Fake honey is the term used for honey-like products that contain non-bee products, such as glucose syrups, inverted sugar solutions (from refined sugar) or corn, cane or beet syrup.
Many of the honey products being imported into Canada are in fact, not honey. While fake honey may look like raw honey, the key difference is it is made in a factory, rather than by nature. Fake honey also:
contains a mix of bee honey and cheaper cane or other syrups, added to increase the volume of the honey, reduce production cost and price;
often has a high composition of water, diluting the honey, again used to increase the volume of the ‘honey’ and hence profits, and
has added artificial or synthetic ingredients such as dyes and flavour enhancers.
Fake honey will not have the natural flavour, texture and aroma of real honey. In fact, fake honey can have a sour odour or no smell at all and usually contains refined sugars.
Most importantly, fake honey does not have the same health benefits of pure honey.
The honey you find in the supermarket ranges from raw honey through to fake honey, which as we noted may not contain any honey at all!
The key difference between most of the commercially produced honey sold in the supermarkets and raw honey (unprocessed honey) and is that commercial produced honey has been heated to very high temperatures and filtered to a very low micron level. This is done to slow or stop the crystalisation process to and to remove any “specks” from the honey – essentially to increase the honey’s shelf life and aesthetics.
Unfortunately, these treatments also have a negative impact on the honey.
The Honey Filtration Process
Filtered honey, is honey that has had, through the process of filtration removed all the fine particles that are found suspended in raw honey. These include pollen grains, wax and propolis. More often than not, heat is also used in the process of filtration as it makes the process quicker by allowing it to pass through the filter faster as it is in a more liquid form.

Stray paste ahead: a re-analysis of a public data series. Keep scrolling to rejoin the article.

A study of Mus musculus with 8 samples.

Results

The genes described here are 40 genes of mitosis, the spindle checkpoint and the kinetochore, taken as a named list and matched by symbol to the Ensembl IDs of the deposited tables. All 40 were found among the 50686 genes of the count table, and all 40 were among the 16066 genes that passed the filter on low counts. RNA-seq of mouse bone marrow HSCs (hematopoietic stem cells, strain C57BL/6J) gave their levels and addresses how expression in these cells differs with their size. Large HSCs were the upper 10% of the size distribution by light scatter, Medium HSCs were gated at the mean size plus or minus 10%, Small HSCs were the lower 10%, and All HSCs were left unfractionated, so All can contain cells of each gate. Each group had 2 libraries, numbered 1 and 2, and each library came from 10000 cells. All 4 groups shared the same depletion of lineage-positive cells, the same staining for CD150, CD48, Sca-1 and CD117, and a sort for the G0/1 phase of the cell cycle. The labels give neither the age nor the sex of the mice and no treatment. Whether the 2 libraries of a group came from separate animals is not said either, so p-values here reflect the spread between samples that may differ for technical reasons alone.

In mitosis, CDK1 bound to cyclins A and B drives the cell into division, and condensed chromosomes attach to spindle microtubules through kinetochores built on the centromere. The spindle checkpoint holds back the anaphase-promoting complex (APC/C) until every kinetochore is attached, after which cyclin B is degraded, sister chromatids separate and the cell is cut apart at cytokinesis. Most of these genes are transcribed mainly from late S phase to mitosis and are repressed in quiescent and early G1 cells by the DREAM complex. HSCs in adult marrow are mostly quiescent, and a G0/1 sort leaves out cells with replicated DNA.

Pasturing is the heating of honey to a high temperature. This process destroys the natural properties of the honey, eliminates many of the phytonutrients of raw honey. Heating honey in this manner not only kills rich nutrients in the raw honey, pasteurisation reduces the flavour and original heavenly scent of genuine honey.
Pasteurisation and filtration are used to make the honey look cleaner and more attractive on the shelf. This process also reduces the honey viscosity due to the honey being warmer, making it easier to handle and package.
In many ways, pasteurised honey no longer has the elements that make it raw honey, making commercially produced honey a refined facsimile of real honey.
How to Recognise Raw Honey
Compared to commercially produced honey, Beamish raw honey may have a slightly cloudy appearance as it contains fine textured crystals, particles of honeycomb and flecks of pollen. Raw honey will crystalize (become thick and grainy). If you buy honey and it doesn't cryatalize, you should be concerned that you may have fake honey.
How to Test if Your Honey is Fake or Raw
1. Drop a teaspoon of honey into a glass of water. Fake honey will immediately start to dissolve, whilst raw honey will drop to the bottom of the glass intact.
2. If you have had your honey for some time and it remains a syrup then it may be fake honey. Most real honey crystalises over time.
Buy your honey directly from a beekeeper who practices minimal processing to be assured of premium quality honey!